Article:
The diastolic pulmonary gradient does not predict survival in patients with pulmonary hypertension due to left heart disease

Emmanouil Tampakakis, Peter J. Leary, Van N. Selby, Teresa De Marco, Thomas P. Cappola, G. Michael Felker, Stuart D. Russell, Edward K Kasper, Ryan J. Tedford

Research output: Contribution to journalArticle

Abstract

Objectives: This study sought to evaluate if diastolic pulmonary gradient (DPG) can predict survival in patients with pulmonary hypertension due to left heart disease (PH-LHD). Background: Patients with combined post- and pre-capillary PH-LHD have worse prognosis than those with passive pulmonary hypertension. The transpulmonary gradient (TPG) and pulmonary vascular resistance (PVR) have commonly been used to identify high-risk patients. However, these parameters have significant shortcomings and do not always correlate with pulmonary vasculature remodeling. Recently, it has been suggested that DPG may be better a marker, yetits prognostic ability in patients with cardiomyopathy has not been fully assessed. Methods: A retrospective cohort of 1,236 patients evaluated for unexplained cardiomyopathy at Johns Hopkins Hospital was studied. All patients underwent right heart catheterization and were followed until death, cardiac transplantation, or the end of the study period (mean time 4.4 years). The relationships between DPG, TPG, or PVR and survival in subjects with PH-LHD (n= 469) were evaluated with Cox proportional hazards regression and Kaplan-Meier analyses. Results: DPG was not significantly associated with mortality (hazard ratio [HR]: 1.02, p= 0.10) in PH-LHD whereas elevated TPG and PVR predicted death (HR: 1.02, p= 0.046; and HR: 1.11, p= 0.002, respectively). Similarly, DPG didnot differentiate survivors from non-survivors at any selected cut points including a DPG of 7 mmHg. Conclusions: In this retrospective study of patients with cardiomyopathy and PH-LHD, an elevated DPG was not associated with worse survival.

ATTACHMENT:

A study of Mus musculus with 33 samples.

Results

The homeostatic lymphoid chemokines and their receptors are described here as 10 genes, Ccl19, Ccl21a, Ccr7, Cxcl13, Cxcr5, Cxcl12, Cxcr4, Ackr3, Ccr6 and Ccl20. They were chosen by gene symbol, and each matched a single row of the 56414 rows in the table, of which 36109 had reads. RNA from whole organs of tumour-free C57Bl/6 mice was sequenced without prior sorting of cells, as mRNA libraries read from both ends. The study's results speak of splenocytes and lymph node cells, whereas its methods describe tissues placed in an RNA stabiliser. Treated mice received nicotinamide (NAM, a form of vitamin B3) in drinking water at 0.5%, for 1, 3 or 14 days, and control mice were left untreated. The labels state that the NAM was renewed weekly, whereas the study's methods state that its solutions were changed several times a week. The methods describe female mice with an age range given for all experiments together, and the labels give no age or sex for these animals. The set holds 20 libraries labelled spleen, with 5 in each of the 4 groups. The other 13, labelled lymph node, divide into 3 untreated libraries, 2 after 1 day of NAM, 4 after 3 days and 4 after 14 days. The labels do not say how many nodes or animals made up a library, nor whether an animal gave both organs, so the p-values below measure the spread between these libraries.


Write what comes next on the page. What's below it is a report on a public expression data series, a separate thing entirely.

Original languageEnglish (US)
Pages (from-to)9-16
Number of pages8
JournalJACC: Heart Failure
Volume3
Issue number1
DOIs
StatePublished - Jan 1 2015

Heart Diseases
Lung
Survival
Cardiomyopathies
Vascular Resistance
Kaplan-Meier Estimate
Patient Rights
Heart Transplantation
Cardiac Catheterization
Survivors
Retrospective Studies
Mortality

Keywords

  • Diastolic pulmonary gradient
  • Left heart disease
  • Pulmonary hypertension
  • Survival

ASJC Scopus subject areas

  • Cardiology and Cardiovascular Medicine

Cite this

The diastolic pulmonary gradient does not predict survival in patients with pulmonary hypertension due to left heart disease. / Tampakakis, Emmanouil; Leary, Peter J.; Selby, Van N.; De Marco, Teresa; Cappola, Thomas P.; Felker, G. Michael; Russell, Stuart D.; Kasper, Edward K; Tedford, Ryan J.

In: JACC: Heart Failure, Vol. 3, No. 1, 01.01.2015, p. 9-16.

Research output: Contribution to journalArticle

Tampakakis, Emmanouil ; Leary, Peter J. ; Selby, Van N. ; De Marco, Teresa ; Cappola, Thomas P. ; Felker, G. Michael ; Russell, Stuart D. ; Kasper, Edward K ; Tedford, Ryan J. / The diastolic pulmonary gradient does not predict survival in patients with pulmonary hypertension due to left heart disease. In: JACC: Heart Failure. 2015 ; Vol. 3, No. 1. pp. 9-16.